Problem Gambling Prevalence Research: A Critical Overview - This examination led by Jamie Wiebe, PhD, and Rachel A. Volberg, Ph.D, looked at more than 100 problem gambling prevalence studies, spanning more than 20 years of research worldwide. It found that new forms of gambling result in an initial increase in problem gambling prevalence, followed by a plateau or decline in these rates over time. An especially insightful and useful study, it reported that regardless of time, sample size or methodology of measurement, problem gambling prevalence rates consistently hover around one percent of the population.
- Youth Gambling 2.0 - Led by DECODE, a consulting firm that helps their clients understand young consumers, employees and influencers, this study surveyed 1,000 Canadians between the ages of 15 and 21. It asked them about their attitudes toward gambling, their participation in it, and their familiarity with the rules and access points of various gambling activities. The results offered an eye-opening look at how commonplace gambling is in youth culture today and the responsibility of adults to help educate youth and contextualize their experiences with gambling.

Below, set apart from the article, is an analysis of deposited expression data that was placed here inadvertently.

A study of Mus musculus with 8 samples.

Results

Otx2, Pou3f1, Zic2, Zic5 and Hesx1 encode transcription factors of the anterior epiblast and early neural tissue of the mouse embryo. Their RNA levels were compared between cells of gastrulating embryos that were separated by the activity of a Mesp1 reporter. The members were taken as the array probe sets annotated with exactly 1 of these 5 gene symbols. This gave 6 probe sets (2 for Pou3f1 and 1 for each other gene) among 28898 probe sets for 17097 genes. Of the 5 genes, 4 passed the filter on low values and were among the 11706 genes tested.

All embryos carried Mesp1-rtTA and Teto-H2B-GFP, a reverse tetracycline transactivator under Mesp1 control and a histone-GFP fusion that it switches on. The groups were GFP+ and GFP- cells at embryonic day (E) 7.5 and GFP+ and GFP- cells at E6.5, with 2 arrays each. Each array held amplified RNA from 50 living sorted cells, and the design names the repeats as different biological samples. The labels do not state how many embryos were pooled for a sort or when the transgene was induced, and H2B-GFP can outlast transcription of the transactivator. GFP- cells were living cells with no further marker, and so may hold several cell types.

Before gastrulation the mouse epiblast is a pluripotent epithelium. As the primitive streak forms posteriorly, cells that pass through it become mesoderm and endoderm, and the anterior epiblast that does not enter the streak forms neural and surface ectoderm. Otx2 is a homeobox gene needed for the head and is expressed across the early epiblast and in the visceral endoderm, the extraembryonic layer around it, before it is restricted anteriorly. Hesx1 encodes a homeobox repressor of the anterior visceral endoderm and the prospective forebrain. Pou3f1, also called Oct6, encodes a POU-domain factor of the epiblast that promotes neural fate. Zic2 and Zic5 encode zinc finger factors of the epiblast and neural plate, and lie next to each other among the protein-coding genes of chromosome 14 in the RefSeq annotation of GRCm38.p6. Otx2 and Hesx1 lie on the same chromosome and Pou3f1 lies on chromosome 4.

- Informed Player Choice Review - The Responsible Gambling Council is a recognized national authority in responsible gambling. Established in 1983, it was the country's first non-profit responsible gambling organization. One of their primary functions is leadership in research and in 2010 they undertook a multi-jurisdictional review about the concept of informed player choice. A full report of their findings is expected to be released in 2010.
- Manitoba Longitudinal Study of Young Adults - This five-year study began in 2007 with approximately 650 Manitobans between the ages of 18 and 20. By tracking gambling behaviours and factors associated with gambling among this young group, the study will help inform program and policy development in Manitoba. Although it is province-specific, the findings will no doubt be shared nationally and internationally, with insight into today's youth and the next generation of gamblers being valuable for decision-makers, researchers, operators, regulators and advocates alike.